Facts and figures

Capital Districts Area Population
Sion 13 5224 km² 

339'176 (31.12.2016)

 

Official languages Religion Highest mountains Biggest reservoirs (area)
French and German  81% catholic 
6 % protestant
13% others 
Dufour 4634m
Dom 4545m
Weisshorn 4506m
Matterhorn (Cervin) 4478m
Lac des Dix 4 km² 
Lac d'Emosson 3.3 km² 
Lac de Mauvoisin 2.3 km² 

 

Climate

Depending on the region, Valais promises guests over 2000 hours of sunshine annually - even more than Switzerland's most southern point. 

How is this possible? Reason is, thanks to the Valaisan and Bernese Alps, which, like a barrier, separate the intermediate Rhone valley and numerous side valleys from the humid conditions often prevailing in more nothern or southern spheres. Rain clouds generally climb before these barriers - leaving the remaining winds to penetrate the Valais in the form of the dry and warm 'Föhn' windthat grants the region its Mediterranean-like climate.

Language "Wallisertiitsch"

Walliser German - the language of the Middle Ages

Today there are some 80,000 Upper Valaisians between Sierre and Oberwald who use a language of their own, which also exists in written form. In Switzerland it is described as a dialect of Swiss German, though this is not true in the sense that Walliser German is an older language than most Swiss dialects. It continually incorporates new expressions and thus remains very much alive.

Snow cover guaranteed

Reliable snow conditions thanks to high altitude! The majority of winter sports resorts in Valais are situated at or above 1500 metres a.s.l.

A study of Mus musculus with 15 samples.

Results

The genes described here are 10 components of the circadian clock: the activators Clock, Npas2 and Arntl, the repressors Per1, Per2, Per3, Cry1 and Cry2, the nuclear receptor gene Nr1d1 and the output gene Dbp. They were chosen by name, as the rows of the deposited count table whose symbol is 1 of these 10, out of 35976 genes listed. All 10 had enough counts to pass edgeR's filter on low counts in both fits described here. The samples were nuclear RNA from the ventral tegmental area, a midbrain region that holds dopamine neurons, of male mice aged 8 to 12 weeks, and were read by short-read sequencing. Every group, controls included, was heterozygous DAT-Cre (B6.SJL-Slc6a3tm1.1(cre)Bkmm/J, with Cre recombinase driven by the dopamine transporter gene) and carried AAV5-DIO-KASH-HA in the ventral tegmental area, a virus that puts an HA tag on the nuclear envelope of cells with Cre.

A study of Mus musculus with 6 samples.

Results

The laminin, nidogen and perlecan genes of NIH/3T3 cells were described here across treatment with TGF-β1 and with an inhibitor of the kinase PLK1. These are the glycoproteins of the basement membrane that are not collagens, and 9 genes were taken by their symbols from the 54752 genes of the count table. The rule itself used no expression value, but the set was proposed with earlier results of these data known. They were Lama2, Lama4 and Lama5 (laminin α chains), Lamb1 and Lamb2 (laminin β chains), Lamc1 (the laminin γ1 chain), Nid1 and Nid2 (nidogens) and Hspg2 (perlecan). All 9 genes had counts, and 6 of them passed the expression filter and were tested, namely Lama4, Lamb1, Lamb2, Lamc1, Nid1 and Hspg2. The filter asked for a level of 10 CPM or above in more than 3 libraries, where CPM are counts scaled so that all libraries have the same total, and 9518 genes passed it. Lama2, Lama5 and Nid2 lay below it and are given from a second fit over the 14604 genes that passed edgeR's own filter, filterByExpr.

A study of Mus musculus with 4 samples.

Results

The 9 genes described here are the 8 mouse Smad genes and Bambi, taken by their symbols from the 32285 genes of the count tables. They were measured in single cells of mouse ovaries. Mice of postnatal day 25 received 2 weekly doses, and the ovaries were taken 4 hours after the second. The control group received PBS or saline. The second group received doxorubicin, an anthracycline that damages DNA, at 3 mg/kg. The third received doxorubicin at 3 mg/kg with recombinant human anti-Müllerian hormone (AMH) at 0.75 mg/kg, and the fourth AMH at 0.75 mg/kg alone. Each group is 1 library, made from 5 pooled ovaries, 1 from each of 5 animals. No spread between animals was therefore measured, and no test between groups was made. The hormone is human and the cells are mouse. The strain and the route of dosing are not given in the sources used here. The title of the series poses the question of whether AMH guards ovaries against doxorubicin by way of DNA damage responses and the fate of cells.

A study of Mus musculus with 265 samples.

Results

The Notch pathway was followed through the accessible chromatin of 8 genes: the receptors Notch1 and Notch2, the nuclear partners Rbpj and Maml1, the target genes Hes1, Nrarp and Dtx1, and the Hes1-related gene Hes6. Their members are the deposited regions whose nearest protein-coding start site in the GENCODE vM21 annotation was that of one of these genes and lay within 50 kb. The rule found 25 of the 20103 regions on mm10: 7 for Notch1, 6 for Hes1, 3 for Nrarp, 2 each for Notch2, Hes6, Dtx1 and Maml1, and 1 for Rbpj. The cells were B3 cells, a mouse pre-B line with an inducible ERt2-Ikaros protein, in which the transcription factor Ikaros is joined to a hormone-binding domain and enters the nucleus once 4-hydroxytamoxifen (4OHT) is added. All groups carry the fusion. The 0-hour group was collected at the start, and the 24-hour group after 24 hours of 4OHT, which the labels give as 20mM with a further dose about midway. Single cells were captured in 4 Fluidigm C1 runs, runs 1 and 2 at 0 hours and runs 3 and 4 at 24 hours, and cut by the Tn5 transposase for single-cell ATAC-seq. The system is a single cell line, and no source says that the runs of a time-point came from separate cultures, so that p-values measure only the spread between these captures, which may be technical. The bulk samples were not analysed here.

Nine ski regions (Arolla, Blatten/Belalp, Crans-Montana, Lauchernalp/Lötschental, Saas-Fee, Saas Grund, Val d'Anniviers, les 4 Vallées et Zermatt) reach to over 3000m and Zermatt even stretches to 3900m. So it's no surprise to feel your heart beat faster at the sight of superb ski tracks - part of which lead over the eternal ice of the glaciers.

Animals and wildlife

With its wild and rugged yet sometimes gentle topography, Valais is home to a rich variety of fauna, including a number of highly distinctive indigenous species. Almost 4,000 different species cohabit here among green plains, sunny slopes and jagged peaks. Typical Valais breeds such as the Blacknose sheep, Blackneck goats, Saint Bernard dogs and Herens cattle have learned to adapt to this Alpine environment, developing their own unique charm. Armed with a little patience, nature lovers can spot deer, marmots, bearded vultures and even ibex in their natural habitat. An unforgettable moment!